TEHRAN, Iran – Dozens of militants stormed at least two university dormitories, beating up students in their beds and detaining several of them as violence aimed at silencing government critics raged through Iran's capital.
Across the city, supporters of Iran's hard-line clergy beat pedestrians with clubs, brandished knives, fired machine guns in the air and hurled rocks at homes earlier Friday night. It was the most intense and widespread fighting in four consecutive nights of violence in Tehran.
The attacks were aimed at intimidating young protesters who have gathered in Tehran (search) for nightly demonstrations this week calling for an end to the country's hard-line establishment led by supreme leader Ayatollah Ali Khamenei (search).
Student Mojtaba Najafi said about 200 students were sleeping in their rooms in the Hemmat dormitory of Allameh Tabatabai University (search), when the attacks began. He said over 50 students were injured and taken to the hospital and about two dozen had disappeared after the attack.
"We were sleeping in our beds. Suddenly we heard windows being smashed," Najafi said. "It was the most brutal way of attacking a human being. They beat up the guard before entering our dormitory. They see no borders, no limits."
There were also attacks at Tehran University's Chamran dormitory before dawn Saturday, other students said.
In 1999, a similar attack on a dormitory led to the death of at least one student and generated the worst street battles since the 1979 Islamic Revolution.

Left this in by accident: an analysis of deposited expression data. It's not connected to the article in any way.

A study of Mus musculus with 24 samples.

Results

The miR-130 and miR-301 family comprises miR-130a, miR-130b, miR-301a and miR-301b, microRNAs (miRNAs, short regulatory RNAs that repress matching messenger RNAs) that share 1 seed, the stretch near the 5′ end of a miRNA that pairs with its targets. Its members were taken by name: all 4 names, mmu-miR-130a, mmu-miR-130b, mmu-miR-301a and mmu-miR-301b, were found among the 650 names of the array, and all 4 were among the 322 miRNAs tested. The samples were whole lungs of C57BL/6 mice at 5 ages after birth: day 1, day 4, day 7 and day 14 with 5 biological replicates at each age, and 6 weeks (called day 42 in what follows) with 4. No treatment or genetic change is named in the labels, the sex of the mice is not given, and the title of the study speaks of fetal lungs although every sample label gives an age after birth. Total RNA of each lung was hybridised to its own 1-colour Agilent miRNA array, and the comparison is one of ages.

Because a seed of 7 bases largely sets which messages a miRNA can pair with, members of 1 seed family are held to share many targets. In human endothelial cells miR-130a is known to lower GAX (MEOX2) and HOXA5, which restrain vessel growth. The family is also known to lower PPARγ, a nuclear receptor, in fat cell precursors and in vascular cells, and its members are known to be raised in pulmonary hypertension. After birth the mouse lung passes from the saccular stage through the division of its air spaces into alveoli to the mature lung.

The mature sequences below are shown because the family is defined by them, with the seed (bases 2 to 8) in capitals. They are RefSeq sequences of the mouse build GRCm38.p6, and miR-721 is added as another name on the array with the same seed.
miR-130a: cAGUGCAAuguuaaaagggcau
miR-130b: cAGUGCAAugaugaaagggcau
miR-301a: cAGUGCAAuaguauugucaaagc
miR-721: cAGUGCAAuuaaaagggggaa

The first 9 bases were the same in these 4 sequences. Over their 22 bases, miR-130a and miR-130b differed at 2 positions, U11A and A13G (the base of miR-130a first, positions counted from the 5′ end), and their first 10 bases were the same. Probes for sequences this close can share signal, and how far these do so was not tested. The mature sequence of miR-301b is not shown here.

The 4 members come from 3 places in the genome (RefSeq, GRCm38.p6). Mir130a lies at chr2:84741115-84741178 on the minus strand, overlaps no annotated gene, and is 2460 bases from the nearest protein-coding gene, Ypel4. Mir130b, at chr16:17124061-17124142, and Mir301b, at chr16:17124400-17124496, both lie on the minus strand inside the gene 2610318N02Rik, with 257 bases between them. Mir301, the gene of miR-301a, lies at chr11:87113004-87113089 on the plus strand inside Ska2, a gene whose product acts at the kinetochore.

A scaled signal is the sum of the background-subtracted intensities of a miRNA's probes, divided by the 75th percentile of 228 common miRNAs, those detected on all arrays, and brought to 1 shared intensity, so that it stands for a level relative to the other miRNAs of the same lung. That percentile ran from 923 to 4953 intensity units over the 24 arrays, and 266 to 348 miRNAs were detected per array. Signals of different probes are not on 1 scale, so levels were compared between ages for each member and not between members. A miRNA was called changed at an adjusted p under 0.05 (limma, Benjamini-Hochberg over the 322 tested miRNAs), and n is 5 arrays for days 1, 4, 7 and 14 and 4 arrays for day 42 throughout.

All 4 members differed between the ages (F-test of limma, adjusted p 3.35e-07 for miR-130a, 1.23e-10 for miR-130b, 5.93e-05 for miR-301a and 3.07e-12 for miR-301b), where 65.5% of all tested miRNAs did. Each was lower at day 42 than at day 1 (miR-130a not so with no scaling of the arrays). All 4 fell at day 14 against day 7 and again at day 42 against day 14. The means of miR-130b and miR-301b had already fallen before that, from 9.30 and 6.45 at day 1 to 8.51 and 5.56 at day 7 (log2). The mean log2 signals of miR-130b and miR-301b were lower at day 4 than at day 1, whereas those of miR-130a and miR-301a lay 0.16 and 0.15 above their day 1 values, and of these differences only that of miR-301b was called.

Khamenei referred to the 1999 raid this week when he warned of a major crackdown in a speech broadcast on state television and radio.
Unlike previous nights, no anti-clergy demonstrations were seen before the violence erupted Friday night.
Protesters had been calling for an end to the country's hard-line establishment and for supreme leader Khamenei's death. Criticism of Khamenei is usually punished by imprisonment, and public calls for his death had been unheard of until this week.
Khamenei's hard-line supporters — who control key government institutions in Iran — are locked in a power struggle with popularly elected President Mohammad Khatami (search), who came to power aiming to reform Iran's conservative political system.
Although the protesters criticize the clerics, public support for Khatami also appears to be falling because of his government's inability to implement promised reforms.
During a Friday prayer sermon at Tehran University, former president Hashemi Rafsanjani (search) — a key Khamenei supporter — urged Iran's youth not to fall into what he described as a U.S. trap by denouncing the country's political leadership.
"I advise the youth, especially students ... that they should be careful not to fall into trap dug out by the Americans," Rafsanjani told worshippers.
Rafsanjani said it was Iran's policy to "act resolutely" to prevent demonstrations from getting out of hand but "not to be harsh on protesters."
While the recent protests seemed to be disorganized, with no clear leaders, some demonstrators vowed to keep up the pressure until next month's anniversary of the much larger and violent protests in 1999.
Exiled opposition groups have been encouraging dissent in Iran through U.S.-based Persian language TV channels. U.S. pressure on Iran, which Washington accuses of hiding a nuclear weapons program and harboring terrorists, may have further emboldened those who hope to see the regime toppled.